Prisoner without blame

By the time children start going to school in Kashmir, they already know terms such as crackdown, curfew and cross-fire
Prisoner without blame

A Kashmiri protester prepares to throw stones at Indian government forces during clashes after Friday prayers outside the Jamia Masjid in Srinagar on Aug. 18. Clashes in the state have become more frequent following widespread unrest last year. (Photo by Tauseef Mustafa/AFP)

Published Nov. 24, 2017 

I grew up hearing that Indian-ruled Kashmir, the place where I was born and live, is a paradise.

But the truth as it has unfolded during the nearly three decades of my life is that this is no garden of earthly delights.

Kashmir’s majestic mountains reverberate with the sounds of bullets and bombs.

And in lakes, long known for their mesmerizing beauty, float the corpses of victims of a secessionist rebellion and counter-insurgency operations that have been tearing the region apart since 1989.


The conflict dates back to 1947 when India and Pakistan become separate states after British rule ended.

The border dispute resulted in both countries administering parts of Kashmir, the Muslim dominated region sandwiched between the South Asian archrivals.

The Kashmir insurgency has already claimed at least 100,000 lives, including those of civilians, militants and members of the security forces.

And tension between India and Pakistan continue to threaten peace in the region. Pakistan and India have already fought three major wars over the disputed region.

By the time I started school at the age of five, children such as myself already understood terms such as crackdown, curfew, encounter and cross-fire.

No one taught them to us, as such. We just picked up their meaning from daily conversation. 

I was told about the ‘do’s and don’ts’ during military house-to-house searches, including to smile at army personnel smashing into our homes with guns and grenades.

They were apprehensive we could have hidden militants.

As children are not supposed to lie, the soldiers would bundle us into a corner and ask; “Where are your uncles?”

By ‘uncles’ they were referring to suspected militants. 

But we had been told to smile at them and feign ignorance.

They would then leave us in peace.

My father used to tell me that a smile had the power to soften hearts.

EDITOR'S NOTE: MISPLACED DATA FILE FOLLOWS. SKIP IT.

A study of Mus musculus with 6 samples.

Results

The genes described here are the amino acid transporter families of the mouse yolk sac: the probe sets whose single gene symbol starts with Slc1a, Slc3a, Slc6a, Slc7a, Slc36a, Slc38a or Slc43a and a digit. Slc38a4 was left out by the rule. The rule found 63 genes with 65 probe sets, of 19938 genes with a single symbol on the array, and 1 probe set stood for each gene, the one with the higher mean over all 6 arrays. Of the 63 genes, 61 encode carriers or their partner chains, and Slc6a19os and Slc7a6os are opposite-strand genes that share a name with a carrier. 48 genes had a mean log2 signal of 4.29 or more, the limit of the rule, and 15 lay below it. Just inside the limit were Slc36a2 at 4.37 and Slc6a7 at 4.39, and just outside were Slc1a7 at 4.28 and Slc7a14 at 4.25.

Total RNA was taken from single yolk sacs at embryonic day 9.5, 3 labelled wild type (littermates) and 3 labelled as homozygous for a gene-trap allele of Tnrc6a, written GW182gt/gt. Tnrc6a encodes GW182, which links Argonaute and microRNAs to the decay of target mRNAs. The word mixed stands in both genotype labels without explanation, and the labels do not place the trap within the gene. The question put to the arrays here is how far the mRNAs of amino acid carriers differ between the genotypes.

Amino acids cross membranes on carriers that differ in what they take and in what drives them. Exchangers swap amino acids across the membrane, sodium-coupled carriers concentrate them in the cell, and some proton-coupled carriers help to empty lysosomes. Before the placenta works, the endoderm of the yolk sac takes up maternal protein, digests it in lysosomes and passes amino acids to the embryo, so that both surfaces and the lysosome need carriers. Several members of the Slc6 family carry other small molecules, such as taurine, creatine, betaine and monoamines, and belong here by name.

By the time, I was in 1st grade at my school, I knew how to run for cover whenever militants and government forces traded fire in the market place.

I also knew, like all children of my age, to differentiate between the thuds of an AK- 47 and those of a self-loading rifle.

As time passed, for us abnormality became normality.

Peace became alien and death became the permanent subject of headlines in the newspapers of Kashmir.

Violence led to curfews and the closure of schools and workplaces — what we came to see as holidays.

I remember my younger sister getting annoyed whenever she would find, in the morning, that there was no violent incident or curfew reported anywhere so she would have to go to school that day.

Violence and bloodshed hypnotized us all. 

Human blood never used to scare us, even if we saw it flowing down the road or oozing out from the body of a solider or militant.

Our favorite toys used to be fake guns and our favorite dress was army-style fatigues.

When I graduated from school to university, I chose to study Journalism because I was tired of choosing sides.

Those living in Kashmir should either be with the state or against the state, we grew up hearing.

Journalism looked like a way of not taking sides while speaking the truth.

No miracle had happened by the time I passed out of university and began working.

The same newspapers had the same or similar headlines; with reoccurring themes and situations.

Even after working for seven years, I keep interviewing bomb blast victims, who had been or injured or maimed.

I still have gruesome tales of violence, including the ordeals of children whose parents were killed and the sagas of parents who shouldered the coffins of their children.

Three years ago, I went to a doctor, complaining of sudden heartburn and headaches.  I shared my thought that living in Kashmir had begun making me erratic and unwell all the time.

His response was shocking.

The doctor told me that out of 50 patients he consulted, 45 had similar symptoms.

It was the result of living in a conflict zone, he told me.

No matter how hard one would try to remain normal, the subconscious mind reacted to abnormality. 

A 2016 report compiled by Doctors Without Borders (MSF) stated that 45 percent of Kashmir's adult population suffer from some form of mental distress. 

A huge majority of 93 percent had experienced conflict-related trauma.

An average adult was found to have witnessed around eight traumatic events during his or her lifetime.

According to the report, 50 percent of women and 37 percent of men are likely to suffer from depression; 36 percent of women and 21 percent of men have a probable anxiety disorder; and 22 percent of women and 18 percent of men suffer from post-traumatic stress disorder (PTSD).

This year I went to Europe for 15 days. With no soldiers on the streets and no fear of any violence, I begun to forget Kashmir and even started loathing it! 

I began sensing that I had become like a prisoner of Kashmir through no fault of my own.

One day while walking in the Grand Place area of the Brussels, Belgium, I heard a loud blast from a corner and wrapped my arms around my head in panic.

It turned out to be only the sound of a blown tire.

I realized that is what conflict has done to people of my age — we become abnormal in normal situations.

But I also missed Kashmir because home is home, even if life is lived on a razor’s edge!